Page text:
Jem Alexander

Throughout the '90s many of our favorite PC gaming experiences were point-and-click adventures: Discworld, Monkey Island, King's Quest VI, Day of the Tentacle and Sam and Max, to name a few. Sadly, with the development of 3D graphics the old 2D point-and-click gameplay mechanic was left behind. Grim Fandango is the only game, in our opinion, to successfully carry over the formula into 3D.

Enter Zack & Wiki: Quest for Barbaros' Treasure, the out-of-left-field hit which promises to resurrect the point-and-click gameplay of yesteryear. Tucked away in the back corner of Nintendo's press-only booth stood a single Zack & Wiki display kiosk to which no one was paying any attention (having to walk past various Pokémon, Mario and Metroid stands to get there might have something to do with it). This worked in our favor, however, as we had time to play a few levels before anyone else turned up.

Gallery: Zack & Wiki: Quest for Barbaros' Treasure (Wii) | 46 Photos

Controlled solely with the Wiimote, Zack & Wiki plays very similarly to old 2D point-and-clicks with one exception: everything is rendered in beautiful, chunky toy-like 3D. Colorful and cartoony, the game looks like a child's Playmobil set come to life. Zack & Wiki isn't necessarily for kids, however. The puzzles can vary in difficulty and had us scratching our heads on several occasions.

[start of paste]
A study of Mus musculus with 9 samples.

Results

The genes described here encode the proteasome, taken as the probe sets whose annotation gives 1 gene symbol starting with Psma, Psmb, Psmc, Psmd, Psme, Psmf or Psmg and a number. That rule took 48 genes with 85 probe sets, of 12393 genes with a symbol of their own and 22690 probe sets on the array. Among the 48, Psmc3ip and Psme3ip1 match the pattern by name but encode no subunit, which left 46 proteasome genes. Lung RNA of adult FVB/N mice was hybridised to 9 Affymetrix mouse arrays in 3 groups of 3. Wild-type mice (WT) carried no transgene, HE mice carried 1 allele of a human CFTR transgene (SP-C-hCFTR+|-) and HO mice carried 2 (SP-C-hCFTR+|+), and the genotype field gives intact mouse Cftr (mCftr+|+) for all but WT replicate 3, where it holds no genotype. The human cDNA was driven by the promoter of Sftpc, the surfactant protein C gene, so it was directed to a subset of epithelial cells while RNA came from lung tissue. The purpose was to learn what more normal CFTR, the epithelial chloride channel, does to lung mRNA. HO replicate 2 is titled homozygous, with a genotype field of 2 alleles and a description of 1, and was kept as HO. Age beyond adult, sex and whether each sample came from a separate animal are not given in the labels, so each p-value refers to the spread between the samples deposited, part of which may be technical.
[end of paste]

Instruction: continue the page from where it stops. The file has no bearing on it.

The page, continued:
The inclusion of motion controls adds to the game's charm, allowing you to better manipulate the game world and the objects you pick up. Shaking the Wiimote allows you to grab your flying monkey sidekick Wiki by the tail and ring him like a bell. This is used for exorcising the demons from the chests at the end of each level, among other things. Often you won't be told exactly what motion to make with the Wiimote in order to solve a puzzle, leaving you to work it out from context.

Levels are split up into individual puzzles which, when completed, will give you a score depending on how well you solved it based on time and failed attempts. The final score for each level will keep you replaying the game in an attempt to max out each level. A central level select screen allows you to move on to a new set of puzzles, if you get stuck, and come back later. This prevented the game from getting frustrating or boring during the hour and a half or so we spent playing.

The puzzles and piratey atmosphere (reminiscent of Monkey Island) make Zack & Wiki incredibly satisfying. We didn't get to experience much of the storyline, but, unless the writing turns out to be a total train wreck, this title is a day-one purchase for us. Not just because Zack & Wiki is a great game, but also because we want to let the industry know that there's still plenty of demand for point-and-click adventures.